Michael Barone: Why Bush Will Sound Like WilsonRoundup: Talking About History
Tomorrow George W. Bush will deliver his Second Inaugural speech, the 16th Second Inaugural delivered by an American president over the last 212 years. It will be the first time that one president has delivered a second inaugural just eight years after another since William McKinley in 1901. It can safely be predicted that Mr. Bush will not deliver the shortest Second Inaugural -- George Washington's was only 135 words -- nor the longest -- James Monroe in 1821 went on for what must have been an hour. And we can be certain that he will not deliver the most sublime. Abraham Lincoln did that in 1865 in his Second Inaugural, surely the greatest speech ever delivered by an American president.
A second inaugural comes at the hinge point of what each of these presidents expected to be an eight-year administration. It is an opportunity to look back at the last four years and to look ahead to the next.
Our early 19th century presidents tended to look backward, to give an accounting of their service. Invariably it was favorable. Thomas Jefferson in 1805: "On taking this station on a former occasion I declared the principles on which I believed it my duty to administer the affairs of our Commonwealth. My conscience tells me I have on every occasion acted up to that declaration according to its obvious import and to the understanding of every candid mind." Andrew Jackson in 1833: "The foreign policy adopted by our government soon after the formation of our present Constitution, and very generally pursued by successive administrations, has been crowned with almost complete success." Mr. Bush is not likely to confess to a syllabus of errors as his liberal critics would like. But he surely will not sound this smug.
Second Inaugurals also can try to place where Americans stand in history. The Founders lived in a world where republics were scarce and knew they had embarked on an experiment. Monroe gave a discourse on ancient republics. Jackson, a general turned president, warned of "military leaders at the head of their victorious legions becoming our lawgivers and judges."
Ulysses Grant took a more optimistic view. "The civilized world is tending toward republicanism," he said in 1873, three years after France ousted its last monarch and established its Third Republic. "I do believe that our Great Maker is preparing the world, in His own good time, to become one nation, speaking one language, and when armies and navies will no longer be required."
The vision Mr. Bush is likely to present seems more in line with Woodrow Wilson's. Speaking in March 1917, as World War I raged, and one month before the United States entered the conflict, Wilson said, "The tragic events of the 30 months of vital turmoil through which we have just passed have made us citizens of the world. There can be no turning back." He set forth his goals -- a world in which all nations were "equally interested in the peace of the world and the stability of free peoples, and equally responsible for their maintenance" -- a clear preview of his Fourteen Points and the League of Nations. There is something in common here with Mr. Bush's vision of an America spreading freedom and democracy to new corners of the world.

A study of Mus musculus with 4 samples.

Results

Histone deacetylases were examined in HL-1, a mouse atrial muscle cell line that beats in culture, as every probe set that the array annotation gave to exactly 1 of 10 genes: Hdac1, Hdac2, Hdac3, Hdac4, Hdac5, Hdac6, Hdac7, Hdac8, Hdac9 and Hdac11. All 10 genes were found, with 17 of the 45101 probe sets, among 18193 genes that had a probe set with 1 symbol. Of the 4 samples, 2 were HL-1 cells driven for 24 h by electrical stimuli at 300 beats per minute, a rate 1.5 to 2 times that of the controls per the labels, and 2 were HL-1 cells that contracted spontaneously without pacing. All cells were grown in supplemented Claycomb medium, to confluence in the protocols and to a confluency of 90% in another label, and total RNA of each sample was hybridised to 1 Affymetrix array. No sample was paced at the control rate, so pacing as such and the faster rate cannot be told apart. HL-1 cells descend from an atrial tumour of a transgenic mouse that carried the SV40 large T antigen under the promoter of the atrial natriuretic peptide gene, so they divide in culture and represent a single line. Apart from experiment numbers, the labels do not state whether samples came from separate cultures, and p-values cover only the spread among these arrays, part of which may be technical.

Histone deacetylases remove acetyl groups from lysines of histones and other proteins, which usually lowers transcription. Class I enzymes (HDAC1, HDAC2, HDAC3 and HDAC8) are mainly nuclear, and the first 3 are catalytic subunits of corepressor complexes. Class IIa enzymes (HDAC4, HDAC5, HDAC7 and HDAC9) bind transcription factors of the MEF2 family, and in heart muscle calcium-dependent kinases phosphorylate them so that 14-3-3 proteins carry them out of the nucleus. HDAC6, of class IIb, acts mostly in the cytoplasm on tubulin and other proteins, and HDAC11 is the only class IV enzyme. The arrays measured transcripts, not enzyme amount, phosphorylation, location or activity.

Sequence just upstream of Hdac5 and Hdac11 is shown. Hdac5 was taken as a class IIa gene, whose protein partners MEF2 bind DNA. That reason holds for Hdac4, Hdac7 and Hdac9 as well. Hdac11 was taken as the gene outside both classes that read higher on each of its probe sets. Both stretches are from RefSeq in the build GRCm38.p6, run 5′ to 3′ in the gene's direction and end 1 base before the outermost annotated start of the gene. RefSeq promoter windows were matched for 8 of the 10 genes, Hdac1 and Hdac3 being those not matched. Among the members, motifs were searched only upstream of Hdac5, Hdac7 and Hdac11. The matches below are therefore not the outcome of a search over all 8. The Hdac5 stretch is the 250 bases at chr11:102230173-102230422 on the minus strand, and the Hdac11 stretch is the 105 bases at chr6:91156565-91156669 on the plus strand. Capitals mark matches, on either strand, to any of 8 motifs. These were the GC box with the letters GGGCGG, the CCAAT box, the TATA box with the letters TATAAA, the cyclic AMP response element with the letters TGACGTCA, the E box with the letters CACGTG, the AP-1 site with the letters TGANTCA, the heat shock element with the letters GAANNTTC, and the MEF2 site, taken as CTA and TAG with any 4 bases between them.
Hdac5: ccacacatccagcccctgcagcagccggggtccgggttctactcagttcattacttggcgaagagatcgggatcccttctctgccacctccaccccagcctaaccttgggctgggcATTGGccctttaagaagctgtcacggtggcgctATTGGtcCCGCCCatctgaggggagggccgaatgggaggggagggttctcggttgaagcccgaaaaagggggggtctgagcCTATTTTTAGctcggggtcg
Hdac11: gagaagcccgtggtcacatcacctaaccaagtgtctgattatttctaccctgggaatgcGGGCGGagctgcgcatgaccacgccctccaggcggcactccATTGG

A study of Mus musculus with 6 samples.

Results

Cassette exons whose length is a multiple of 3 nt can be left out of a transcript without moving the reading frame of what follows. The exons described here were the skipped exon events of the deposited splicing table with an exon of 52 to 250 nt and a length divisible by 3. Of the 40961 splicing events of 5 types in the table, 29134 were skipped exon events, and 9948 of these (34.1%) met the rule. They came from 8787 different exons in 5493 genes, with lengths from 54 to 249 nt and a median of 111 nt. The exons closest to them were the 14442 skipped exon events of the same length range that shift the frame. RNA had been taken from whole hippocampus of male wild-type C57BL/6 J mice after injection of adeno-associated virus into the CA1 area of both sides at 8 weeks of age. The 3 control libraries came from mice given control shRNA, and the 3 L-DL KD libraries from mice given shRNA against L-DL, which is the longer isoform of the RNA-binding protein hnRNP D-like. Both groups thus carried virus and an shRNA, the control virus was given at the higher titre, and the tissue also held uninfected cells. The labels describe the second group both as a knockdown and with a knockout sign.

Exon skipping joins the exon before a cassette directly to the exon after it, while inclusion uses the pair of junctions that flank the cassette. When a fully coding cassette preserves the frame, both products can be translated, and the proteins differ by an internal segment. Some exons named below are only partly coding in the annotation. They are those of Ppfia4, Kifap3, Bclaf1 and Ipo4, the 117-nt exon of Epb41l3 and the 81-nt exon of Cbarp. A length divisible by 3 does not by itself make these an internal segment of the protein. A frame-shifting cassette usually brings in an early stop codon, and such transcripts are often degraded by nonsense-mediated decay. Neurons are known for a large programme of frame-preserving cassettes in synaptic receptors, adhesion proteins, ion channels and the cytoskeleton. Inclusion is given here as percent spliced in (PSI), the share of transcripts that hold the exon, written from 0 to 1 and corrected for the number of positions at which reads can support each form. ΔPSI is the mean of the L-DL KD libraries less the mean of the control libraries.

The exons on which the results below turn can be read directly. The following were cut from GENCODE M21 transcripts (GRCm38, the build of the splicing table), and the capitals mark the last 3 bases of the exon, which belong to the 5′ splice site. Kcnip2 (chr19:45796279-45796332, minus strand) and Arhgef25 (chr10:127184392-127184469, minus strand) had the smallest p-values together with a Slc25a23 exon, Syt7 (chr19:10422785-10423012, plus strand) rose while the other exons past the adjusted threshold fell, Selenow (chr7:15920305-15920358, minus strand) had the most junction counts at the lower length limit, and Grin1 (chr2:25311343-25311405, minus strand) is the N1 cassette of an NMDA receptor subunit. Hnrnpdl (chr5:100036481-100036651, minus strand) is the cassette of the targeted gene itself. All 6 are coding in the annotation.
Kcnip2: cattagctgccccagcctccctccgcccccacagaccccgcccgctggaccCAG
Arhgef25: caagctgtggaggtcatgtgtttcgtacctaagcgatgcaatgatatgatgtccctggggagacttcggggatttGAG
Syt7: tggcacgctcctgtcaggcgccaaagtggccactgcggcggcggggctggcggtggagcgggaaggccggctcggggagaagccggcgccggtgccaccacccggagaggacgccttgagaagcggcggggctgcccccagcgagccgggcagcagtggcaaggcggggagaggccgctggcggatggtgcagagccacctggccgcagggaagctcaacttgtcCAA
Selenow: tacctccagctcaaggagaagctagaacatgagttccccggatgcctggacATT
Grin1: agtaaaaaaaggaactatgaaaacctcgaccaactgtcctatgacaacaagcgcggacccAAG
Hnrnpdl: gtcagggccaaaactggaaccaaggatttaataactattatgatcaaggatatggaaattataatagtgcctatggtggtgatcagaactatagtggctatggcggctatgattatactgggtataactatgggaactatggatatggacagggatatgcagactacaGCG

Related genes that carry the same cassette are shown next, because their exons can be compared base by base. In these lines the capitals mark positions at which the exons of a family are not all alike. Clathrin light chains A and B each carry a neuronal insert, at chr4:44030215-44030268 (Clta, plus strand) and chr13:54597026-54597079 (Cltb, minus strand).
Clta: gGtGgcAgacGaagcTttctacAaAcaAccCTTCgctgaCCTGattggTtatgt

Similarly, Dwight Eisenhower after a decade of Cold War insisted, "Our world is where our destiny lies -- with men, of all people, and all nations, who are or would be free." Richard Nixon, after ending U.S. involvement in Vietnam, sounded a note of retreat. "The time has passed when America will make every other nation's conflict our own. . . . Let us build a structure of peace in the world in which the weak are as safe as the strong -- in which each respects the right of the other to live by a different system."
Twelve years later Ronald Reagan echoed Eisenhower's denunciation of Communism and sounded a more optimistic note. "Human freedom is on the march." The Cold War over, Bill Clinton in 1997 promised safety against remaining threats. "We will maintain . . . a strong defense against terror and destruction. Our children will sleep free from the threat of nuclear, chemical or biological weapons." Expect to hear more on this from Mr. Bush....
What not to expect? Querulous complaints about the people or the press. Grover Cleveland, who loved to veto appropriations, decried "certain conditions and tendencies among our people which seem to menace the integrity and usefulness of their Government. . . . The lessons of paternalism ought to be unlearned." Thomas Jefferson noted, "During this course of administration, and in order to disturb it, the artillery of the press has been leveled against us, charged with whatsoever its licentiousness could devise or dare." He went on in this vein for three paragraphs. Ulysses Grant ended his Second Inaugural thus, "I have been the subject of abuse and slander scarcely ever equaled in political history, which today I feel that I can afford to disregard in view of your verdict, which I gratefully accept as my vindication." Mr. Bush had his fun with the New York Times in his acceptance speech in Madison Square Garden and probably won't raise the issue again.
George W. Bush has been criticized for his religious references. But he has only been following tradition. Every Second Inaugural since Washington's brief statement has included some reference to God, from Jefferson's "that Being," Madison's "Heaven" and Monroe's "Supreme Author of All Good" to Reagan's "God bless you" and Clinton's "May God strengthen our hands for the good work ahead -- and always, always bless our America." Four years ago Mr. Bush referred, in Founder's language, to the "author" of "our nation's grand story." Expect something similar from him tomorrow.